The Reporters Committee for the Freedom of the Press and 37 media organizations are calling on Congress to reject the CIA’s proposed expansion of the Intelligence Identities Protection Act, which would allow the intelligence community to indefinitely criminalize the disclosure of the identities of undercover intelligence officers and agents. It would do so even when that information is newsworthy, in the public interest, and where disclosure would not pose a risk of harm to the officer or agent.
In a letter sent to members of the House of Representatives and Senate on Aug. 8, the media coalition asserts that the expansion would criminalize “the publication of truthful information about government activities,” including by journalists, and that if the expansion is passed, such anonymity could “shield the intelligence agencies from public accountability,” which would increase the risk that intelligence officers “cross ethical lines.”
While journalists will refrain from identifying an officer or agent by name if it puts the individuals or their families in danger, there are cases in which news organizations will decide to use the name of an unacknowledged officer or agent because the identity is well known, the risk is low, and the identity itself is newsworthy. Threats of prosecution or actual prosecutions under this expansion of the IIPA could chill journalists from reporting this information, which is necessary for public oversight. Such oversight is particularly important in cases involving intelligence and foreign affairs, where undue secrecy can hide government wrongdoing.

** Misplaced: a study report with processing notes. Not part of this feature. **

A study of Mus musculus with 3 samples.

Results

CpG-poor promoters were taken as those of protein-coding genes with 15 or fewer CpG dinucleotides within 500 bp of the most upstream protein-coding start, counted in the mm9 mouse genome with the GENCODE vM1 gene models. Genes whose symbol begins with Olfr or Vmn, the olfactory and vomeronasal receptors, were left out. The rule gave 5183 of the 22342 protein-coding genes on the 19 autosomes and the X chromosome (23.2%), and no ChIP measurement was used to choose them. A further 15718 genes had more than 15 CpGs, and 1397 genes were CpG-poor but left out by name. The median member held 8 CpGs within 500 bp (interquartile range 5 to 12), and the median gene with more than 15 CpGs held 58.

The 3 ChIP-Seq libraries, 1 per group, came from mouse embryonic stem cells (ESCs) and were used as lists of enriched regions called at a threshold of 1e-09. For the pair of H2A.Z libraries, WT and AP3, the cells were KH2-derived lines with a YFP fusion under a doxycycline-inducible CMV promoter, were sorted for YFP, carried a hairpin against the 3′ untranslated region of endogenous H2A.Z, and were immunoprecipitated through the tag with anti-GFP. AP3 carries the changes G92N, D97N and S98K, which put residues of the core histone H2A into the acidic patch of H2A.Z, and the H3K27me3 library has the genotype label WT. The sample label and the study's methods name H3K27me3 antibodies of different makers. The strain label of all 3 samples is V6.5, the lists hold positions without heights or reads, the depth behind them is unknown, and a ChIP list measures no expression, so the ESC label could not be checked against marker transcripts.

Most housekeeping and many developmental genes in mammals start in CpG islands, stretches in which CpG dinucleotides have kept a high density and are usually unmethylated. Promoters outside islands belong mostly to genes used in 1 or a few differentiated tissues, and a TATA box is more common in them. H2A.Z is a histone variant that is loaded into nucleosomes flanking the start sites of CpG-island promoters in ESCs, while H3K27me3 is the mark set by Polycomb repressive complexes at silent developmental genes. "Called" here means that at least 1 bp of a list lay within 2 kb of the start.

When Congress passed the IIPA in 1982, the law criminalized disclosures of names in instances where it would put United States covert agents in physical danger because of their overseas service or activity. Now, the CIA wants to expand the definition of a covert agent under the IIPA by removing the overseas requirement so that intelligence agencies would, as the letter explains, be able to “criminalize the disclosure of the identity of any officer, employee, informant or agent in perpetuity” by keeping that identity classified.
The original IIPA took six years of deliberation before it passed. The expansion, the letter notes, has been “rushed through Congress with no meaningful debate,” as it went from introduction to passage in about two months. The House of Representatives passed its intelligence authorization bill on July 17, which included this expansion of the IIPA. The Senate passed its intelligence authorization package, also with this expansion, as part of the National Defense Authorization Act on June 27. It is unclear how or when Congress will reconcile the various pieces of legislation. The letter asks that members either strip this provision when Congress takes it up again, or, barring that, that members support fixes down the road.
On July 9, the Reporters Committee also joined 28 open government and press freedom organizations in signing on to a letter, led by Open the Government, calling on Congress to remove the provision.
The Reporters Committee regularly files friend-of-the-court briefs and its attorneys represent journalists and news organizations pro bono in court cases that involve First Amendment freedoms, the newsgathering rights of journalists and access to public information. Stay up-to-date on our work by signing up for our monthly newsletter and following us on Twitter or Instagram.